Google’s decision to limit its Android Security Rewards program to newer Nexus devices clearly puts the Google phones on the top tier of secure mobile devices.

It also could ultimately have the effect of putting non-Nexus devices in the line of fire.

For now, limiting the rewards program to Nexus keeps it manageable.

“The limiting to the Nexus devices is more about controlling scope of the vulnerability program than applying pressure,” said Jon Oberheide, CTO and cofounder of Duo Security and a longtime Android bug hunter. Oberheide said keeping the scope to Nexus 6 and Nexus 9 devices and the base Android Open Source Platform is a sensible first step.

“Perhaps a next step would be to include other Google Play Edition devices,” Oberheide said. “But it just wouldn’t make sense for Google to take on the burden of the crazy customizations and vulnerabilities introduced by other OEMs and carriers.”

Google controls over-the-air updates only for apps written by Google for its Nexus phones and tablets running the latest version of Android, Lollipop. For OEM phones, Google pushes OS, kernel, platform and firmware security and feature updates first to the AOSP, then to carriers and manufacturers. Each party adds modifications along the way and is supposed to update devices. For years, however, those third parties have been criticized for their hesitancy to update their own hardware and for their preference to sell service contracts instead on new hardware.

“The process is so broken that Google has been trying to break up parts of the OS and turn them into updateable apps,” said Oberheide, offering Android System Webview as an example.

Kymberlee Price, senior director of operations at Bugcrowd, a bug bounty platform provider, said the decision could ultimately make non-Nexus devices a bigger target for hackers.

“By limiting to only two devices, that’s an interesting choice. Both ship with Lollipop and the decision achieves the goal of vulnerability disclosures in the latest version of the OS,” Price said. “But at the same time, from a security pro’s perspective, I can’t predict whether this makes Samsung devices more attackble. I believe it does. If I’m an attacker and I look at the Nexus phone on Lollipop and diff the code, I can figure out what’s been patched and what vulnerabilities were present.”

Code diffing is a common practice going back to the early days of Windows patches and security bulletins. Using tools such as BinDiff, a researcher—or attacker—can run the code differential tool against it and show all code changes.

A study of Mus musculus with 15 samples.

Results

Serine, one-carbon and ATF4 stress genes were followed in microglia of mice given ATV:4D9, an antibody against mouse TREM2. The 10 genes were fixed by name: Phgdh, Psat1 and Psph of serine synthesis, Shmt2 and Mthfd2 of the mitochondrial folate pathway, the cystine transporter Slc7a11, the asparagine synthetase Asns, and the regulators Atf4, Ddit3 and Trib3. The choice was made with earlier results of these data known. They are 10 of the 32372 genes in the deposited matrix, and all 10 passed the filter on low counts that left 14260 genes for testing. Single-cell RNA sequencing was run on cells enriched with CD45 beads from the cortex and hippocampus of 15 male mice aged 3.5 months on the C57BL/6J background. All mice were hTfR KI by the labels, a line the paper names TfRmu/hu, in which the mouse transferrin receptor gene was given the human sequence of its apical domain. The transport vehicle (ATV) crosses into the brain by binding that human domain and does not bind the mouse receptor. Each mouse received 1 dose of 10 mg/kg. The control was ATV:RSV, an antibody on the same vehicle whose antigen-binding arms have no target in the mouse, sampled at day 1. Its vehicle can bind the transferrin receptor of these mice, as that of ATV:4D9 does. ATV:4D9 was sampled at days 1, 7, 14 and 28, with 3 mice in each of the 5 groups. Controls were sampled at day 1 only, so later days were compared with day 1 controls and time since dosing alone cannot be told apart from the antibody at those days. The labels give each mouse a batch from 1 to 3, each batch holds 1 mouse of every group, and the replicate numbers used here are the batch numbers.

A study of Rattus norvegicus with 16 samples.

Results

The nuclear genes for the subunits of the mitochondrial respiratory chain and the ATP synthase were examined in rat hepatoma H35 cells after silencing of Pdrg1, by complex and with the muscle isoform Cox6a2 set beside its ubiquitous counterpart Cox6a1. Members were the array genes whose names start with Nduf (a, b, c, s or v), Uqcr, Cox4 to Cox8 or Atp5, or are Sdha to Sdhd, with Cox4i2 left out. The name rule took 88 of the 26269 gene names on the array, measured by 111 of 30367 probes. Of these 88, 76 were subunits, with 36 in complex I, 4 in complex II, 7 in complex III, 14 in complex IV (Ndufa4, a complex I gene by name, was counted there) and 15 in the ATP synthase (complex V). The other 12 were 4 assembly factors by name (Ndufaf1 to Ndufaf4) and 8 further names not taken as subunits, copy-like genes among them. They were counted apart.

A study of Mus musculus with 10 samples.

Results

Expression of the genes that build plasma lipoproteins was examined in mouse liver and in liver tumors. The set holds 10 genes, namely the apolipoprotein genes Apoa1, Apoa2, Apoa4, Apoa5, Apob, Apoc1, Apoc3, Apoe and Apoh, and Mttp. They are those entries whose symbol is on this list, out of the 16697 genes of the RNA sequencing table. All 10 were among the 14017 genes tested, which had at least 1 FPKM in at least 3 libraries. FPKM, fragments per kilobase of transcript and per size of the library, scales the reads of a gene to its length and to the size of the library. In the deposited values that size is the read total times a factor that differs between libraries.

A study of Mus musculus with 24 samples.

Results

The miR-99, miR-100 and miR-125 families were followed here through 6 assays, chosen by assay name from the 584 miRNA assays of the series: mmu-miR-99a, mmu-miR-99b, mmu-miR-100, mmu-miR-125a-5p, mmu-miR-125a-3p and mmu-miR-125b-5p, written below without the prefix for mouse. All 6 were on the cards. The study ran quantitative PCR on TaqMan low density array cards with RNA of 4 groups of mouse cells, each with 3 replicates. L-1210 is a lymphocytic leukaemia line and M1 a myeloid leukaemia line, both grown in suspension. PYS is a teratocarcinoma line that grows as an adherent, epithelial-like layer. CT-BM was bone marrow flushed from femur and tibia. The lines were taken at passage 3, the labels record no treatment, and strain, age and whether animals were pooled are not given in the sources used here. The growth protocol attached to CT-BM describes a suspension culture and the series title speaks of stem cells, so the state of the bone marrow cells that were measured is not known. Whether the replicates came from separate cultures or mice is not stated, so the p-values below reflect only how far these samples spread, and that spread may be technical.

“This allows you to go back and reverse-engineer a vulnerability that’s been fixed,” Price said. “It’s a common practice for both offense and defense.”

Google announced the Android Security Rewards program this week at the Black Hat Mobile Summit in London. The top-end reward for a critical Android bug approaches $40,000; that would involve a single exploit or a chain of attacks that compromise the Android TrustZone or Verified Boot from an installed app. Remote attacks will be worth an additional $30,000 on top of as much as $8,000 for the initial bug, reproduction code, test cases and a patch. Local attacks with those same parameters that lead to a kernel compromise from an installed app can be worth as much as an additional $20,000. Exploits that defeat memory protections such as ASLR, the Android sandbox, or the NX server, are also eligible for the highest rewards.

The baseline rewards are $2,000 for a critical vulnerability, $1,000 for one rated high, and $500 for moderate-severity issues.

While vulnerabilities found through the program will be patched on Nexus devices, the same cannot be necessarily said for Samsung, LG and other Android devices. For consumers concerned with security, Nexus is likely to be their choice; most, however, are interested first in feature updates and that is the economic pressure that carriers understand.

“Fundamentally, I do think [the Nexus-only bounty] is a positive,” Price said. “It does give consumers a choice. If security is an important feature to you, you’re going with Nexus versus another device. You’re certainly at a lower risk doing so.

“Hopefully this applies pressure from a competitive landscape,” Price said. “By making Lollipop available to OEMs, they may feel increased pressure from consumers, pressure to shift the ecosystem.”

Categories: Mobile Security, Vulnerabilities

Comments (2)

  1. Paul
    1

    Having bought, & used, a Nexus S (by Samsung) a few years ago (& am still using it, despite the constant limitations) – and having learnt Google had discontinued updates/system patches after just 2 years – I can say, without hesitation I will NEVER AGAIN buy ANY GOOGLE PRODUCT, & am seriously considering NOT to buy any Samsung product, as well. Google can ‘prattle on’ about how good their products are, but in my experience, they’re TOTAL AMATEUR ‘would be’s’. I warn ALL my friends, acquaintances, and people I’ve met (and show them, because I still have the Nexus S with me) what a 5th rate product it is, that Google/Samsung foisted on the public. Yes, when it was released and for maybe 1 year it was fairly decent. But then with Google failing to ‘back it up’ it quickly became just a lightweight ‘boat anchor’. Once bitten, twice shy. NEVER AGAIN WILL I TRUST ANY GOOGLE PRODUCT.

    • PolarBearGod
      2

      So Paul…

      What you are saying is you have a 5 year old device and is angry over the fact that they are not updating it due to hardware limitations introduced for its time?

      You seriously must be joking, or you are a troll, or a person that has no clue of how software/hardware works. How you even posted on this page with your horrible logic is just astounding.